Todays Tech 6/15/2007

Here are some of the more recent interesting tech stories.

eBay Experiment Demonstrates Frailty Of Google’s Monopoly For the past several days, Larry Dignan has been seeing what it’s like to live without Google. Each day, he’s been trying different, lesser-known search engines to see how they stack up. As he points out, this is essentially what eBay decided to do when it announced that it would cease Adwords spending on Google in the US market, at least for the time being.

Windows Ultimate Extras is a sham – where?s the responsibility? In a post titled ?Is Windows Vista Ultimate Extras a sham??, I voiced some of my concerns about Ultimate Extras and why I thought it was going to disappoint. A lot of people didn?t agree with me, suggesting we needed more time to allow ?progress? to happen. Well, I think now is a better time than any.

Dear AT&T: Please go to hell LA Times: AT&T to target pirated content: It joins Hollywood in trying to keep bootleg material off its network. Its network, the headline says. Not “the Internet”, but its network. If you had any illusions that what you get from the likes of AT&T is “the Internet”, you’ve just been corrected. Remember Ma Bell? Sheee’s back! And now she’s got the TV and “the Internet” as well as the phone.

Over 1 Million Potential Victims of Botnet Cyber Crime Today the Department of Justice and FBI announced the results of an ongoing cyber crime initiative to disrupt and dismantle ?botherders? and elevate the public?s cyber security awareness of botnets. OPERATION BOT ROAST is a national initiative and ongoing investigations have identified over 1 million victim computer IP addresses.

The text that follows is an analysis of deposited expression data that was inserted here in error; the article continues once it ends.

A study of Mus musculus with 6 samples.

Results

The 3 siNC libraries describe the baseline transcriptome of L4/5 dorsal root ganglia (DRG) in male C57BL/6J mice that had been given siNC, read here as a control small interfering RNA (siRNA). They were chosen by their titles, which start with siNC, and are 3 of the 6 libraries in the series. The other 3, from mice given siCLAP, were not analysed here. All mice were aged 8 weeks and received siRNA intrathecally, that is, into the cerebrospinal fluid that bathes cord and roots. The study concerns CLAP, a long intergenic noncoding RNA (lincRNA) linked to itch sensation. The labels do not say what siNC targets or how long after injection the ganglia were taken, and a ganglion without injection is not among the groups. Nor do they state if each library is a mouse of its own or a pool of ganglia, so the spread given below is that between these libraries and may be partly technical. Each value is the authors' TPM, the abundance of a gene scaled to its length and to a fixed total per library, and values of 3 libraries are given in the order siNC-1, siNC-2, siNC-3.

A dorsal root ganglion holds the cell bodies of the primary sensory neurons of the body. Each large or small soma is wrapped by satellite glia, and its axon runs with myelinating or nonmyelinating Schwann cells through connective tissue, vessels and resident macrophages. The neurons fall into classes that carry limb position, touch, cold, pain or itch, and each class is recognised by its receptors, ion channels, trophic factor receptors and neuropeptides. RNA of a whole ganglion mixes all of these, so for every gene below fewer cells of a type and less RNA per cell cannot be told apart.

Google Video Flaw Raises Privacy Concerns by Exposing Usernames and Passwords It appears from Insomniac’s find that if you choose to share a video from Google Video to another social network (like MySpace, for example), your username and password get sent in plaintext on the http protocol (rather than the more secure https protocol).

Act now to stop Congress from legalizing spyware! The SPY Act, a new anti-spyware law, makes it impossible for consumer rights groups to sue DRM companies for putting spyware in their DRM (like Sony did last year, with its rootkit DRM). The irony is that spyware is already illegal, so all that this act does is immunize big media companies that sneak spyware onto your computer.

Report: MS Using New Heat Sinks to Alleviate 360 Failures New photos have surfaced that seem to reveal an improved cooling system within the 360, and the reports suggest that owners who have had their systems repaired are getting them back with the new heat sinks installed. Microsoft would not comment directly on this, but said “updating console components is commonplace.”

Yahoo defect endangers users — do web sites care? Every day, hundreds of defects known as “cross-site scripting,” or XSS for short, are discovered on web sites every day. (This is not even counting all those that don?t get disclosed.) And the peanut butter eating yahoos in Yahoo?s development organization are not immune to coding up such so-called XSS bugs.

iPods to blame for total eclipse of the art, says Hockney What?